In the first part of Candace’s story, she tells of her abortion and the resulting pain and guilt she experienced following it. As her secret lay buried deep within, Candace faced nearly six years of smiling on the outside while aching within her soul. “When nobody knows, who do you call, who do you grieve with?” Candace asked.
About a year after the abortion, Candace’s family began to go to church. Soon enough, Candace was baptized and converted to Christianity. Although she believed that Jesus offers forgiveness, the old fears were still there: “It nagged at me – I know I’m saved, but I don’t know if I’m really forgiven,” she recalls.
Meanwhile, there were other challenges that kept cropping up. Friends would become pregnant, and it was so hard to share in their joy. They’d come over with their babies, and when asked if she wanted to hold the child, Candace would be thinking, no, not really. Just hearing the word “abortion” could bring a wave of emotion. The “what-if” situations plagued her – what if she hadn’t had an abortion? Where would that child be today?
Her mother became sick, and Candace recalls the things that ran through her mind as she sat next to her mom. “You almost had a grandchild you didn’t know about, she would have been five years old… I robbed you of that.” But Candace couldn’t tell her.
One way Candace dealt with the strain during those years was to “do penance” by being the best person she could be. She signed up for every committee she could at college, church and her work, overcommitting, working long hours and often letting people down. “It got so overwhelming, always feeling like I was failing… I realized I couldn’t go on that way.” She realized that her abortion was dictating every life decision as she desperately sought to make up for it.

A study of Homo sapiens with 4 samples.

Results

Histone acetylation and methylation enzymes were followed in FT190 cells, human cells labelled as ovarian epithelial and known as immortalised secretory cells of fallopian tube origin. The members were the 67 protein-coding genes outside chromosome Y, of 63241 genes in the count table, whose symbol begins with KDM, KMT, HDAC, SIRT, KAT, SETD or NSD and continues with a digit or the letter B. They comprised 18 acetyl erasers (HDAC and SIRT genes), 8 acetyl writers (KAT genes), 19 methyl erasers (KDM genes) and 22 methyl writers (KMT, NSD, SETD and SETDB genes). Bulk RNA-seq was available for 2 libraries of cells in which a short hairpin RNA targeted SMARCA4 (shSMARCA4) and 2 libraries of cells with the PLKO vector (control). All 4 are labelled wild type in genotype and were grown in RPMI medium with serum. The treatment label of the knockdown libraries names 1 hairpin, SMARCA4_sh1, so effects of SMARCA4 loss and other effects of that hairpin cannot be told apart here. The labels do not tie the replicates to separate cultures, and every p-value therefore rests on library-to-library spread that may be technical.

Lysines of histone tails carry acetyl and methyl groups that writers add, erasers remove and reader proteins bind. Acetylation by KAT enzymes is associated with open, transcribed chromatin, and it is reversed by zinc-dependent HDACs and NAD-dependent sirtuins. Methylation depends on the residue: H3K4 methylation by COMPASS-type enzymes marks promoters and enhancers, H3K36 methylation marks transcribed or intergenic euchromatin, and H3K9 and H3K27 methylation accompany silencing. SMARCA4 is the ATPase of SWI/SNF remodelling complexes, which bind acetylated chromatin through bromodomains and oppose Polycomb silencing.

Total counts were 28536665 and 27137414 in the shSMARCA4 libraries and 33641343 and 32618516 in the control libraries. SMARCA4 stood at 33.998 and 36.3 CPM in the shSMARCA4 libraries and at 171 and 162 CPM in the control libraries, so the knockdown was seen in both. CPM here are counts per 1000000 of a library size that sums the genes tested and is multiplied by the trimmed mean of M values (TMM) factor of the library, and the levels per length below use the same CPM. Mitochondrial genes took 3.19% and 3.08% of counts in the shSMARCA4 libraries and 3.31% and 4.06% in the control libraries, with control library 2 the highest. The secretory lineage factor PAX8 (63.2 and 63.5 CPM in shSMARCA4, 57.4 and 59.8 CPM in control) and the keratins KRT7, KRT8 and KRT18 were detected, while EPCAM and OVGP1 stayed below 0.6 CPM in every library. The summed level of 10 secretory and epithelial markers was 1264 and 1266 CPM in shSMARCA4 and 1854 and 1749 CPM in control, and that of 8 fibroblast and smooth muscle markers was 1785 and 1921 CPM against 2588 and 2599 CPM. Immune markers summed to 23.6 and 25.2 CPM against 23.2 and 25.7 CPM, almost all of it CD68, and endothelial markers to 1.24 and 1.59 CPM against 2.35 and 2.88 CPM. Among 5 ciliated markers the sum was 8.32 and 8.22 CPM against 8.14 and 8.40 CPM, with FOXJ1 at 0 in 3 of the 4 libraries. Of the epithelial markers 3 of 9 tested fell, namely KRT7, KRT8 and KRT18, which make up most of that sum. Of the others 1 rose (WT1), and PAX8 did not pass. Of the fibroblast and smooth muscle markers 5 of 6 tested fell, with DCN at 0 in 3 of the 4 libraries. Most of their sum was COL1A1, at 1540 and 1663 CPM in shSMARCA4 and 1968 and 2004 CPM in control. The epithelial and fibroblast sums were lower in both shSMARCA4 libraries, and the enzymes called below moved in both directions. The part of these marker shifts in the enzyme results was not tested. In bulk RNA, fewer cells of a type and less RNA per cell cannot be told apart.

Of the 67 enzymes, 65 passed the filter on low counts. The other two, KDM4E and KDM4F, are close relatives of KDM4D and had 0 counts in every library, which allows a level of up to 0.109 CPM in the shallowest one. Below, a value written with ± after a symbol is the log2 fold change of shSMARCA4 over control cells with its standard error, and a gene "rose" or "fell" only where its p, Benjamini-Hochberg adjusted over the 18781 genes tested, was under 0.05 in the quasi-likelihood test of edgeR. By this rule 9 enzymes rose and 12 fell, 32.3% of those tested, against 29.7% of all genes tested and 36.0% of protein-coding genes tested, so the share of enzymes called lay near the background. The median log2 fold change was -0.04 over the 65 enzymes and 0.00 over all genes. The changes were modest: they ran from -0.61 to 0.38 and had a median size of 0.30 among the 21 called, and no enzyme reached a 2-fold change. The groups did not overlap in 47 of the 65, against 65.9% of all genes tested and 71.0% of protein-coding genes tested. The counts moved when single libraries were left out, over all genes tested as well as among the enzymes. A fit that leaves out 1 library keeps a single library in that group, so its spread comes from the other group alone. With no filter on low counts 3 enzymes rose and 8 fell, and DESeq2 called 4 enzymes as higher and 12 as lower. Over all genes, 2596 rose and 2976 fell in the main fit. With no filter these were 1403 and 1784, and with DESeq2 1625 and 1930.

Shortly after breaking up with her boyfriend of ten years, Candace heard about the PCC’s post-abortion program on the radio. In January of 2013, she walked into the first group session. She recalls that day vividly. “On day one they told us to look at everybody’s face and memorize it. The same question was asked at the end of study. It was like four brand new women… The weight was gone and there were smiles, hugs and fellowship.”
Throughout that time, Candace found healing and forgiveness. The first step in that process, Candace says, was grieving what was lost through abortion. “The biggest thing I recognized is that after you come to terms with what’s happened, you change your view on life. It’s not an ‘it’, it’s a person and now you can mourn and grieve – those are just emotions you want to get out.”
Candace says the study was nothing short of transformative. “Now that I’m secure in my forgiveness, I talk about my abortion all the time. I share about how I came to realize God’s forgiveness. It’s transformed my life. Now I realize I am forgiven, my past is my past and it doesn’t have to govern rest of my life. It’s so freeing. It’s so freeing! I don’t have to overcommit myself anymore. I can’t tell you what my life is like now.”
She frequently shares her story of healing with other women. “I feel like I’m a lighthouse. It’s the same story, but now I recognize that Christ sees my story as one of liberation; he came to free a captive like me.”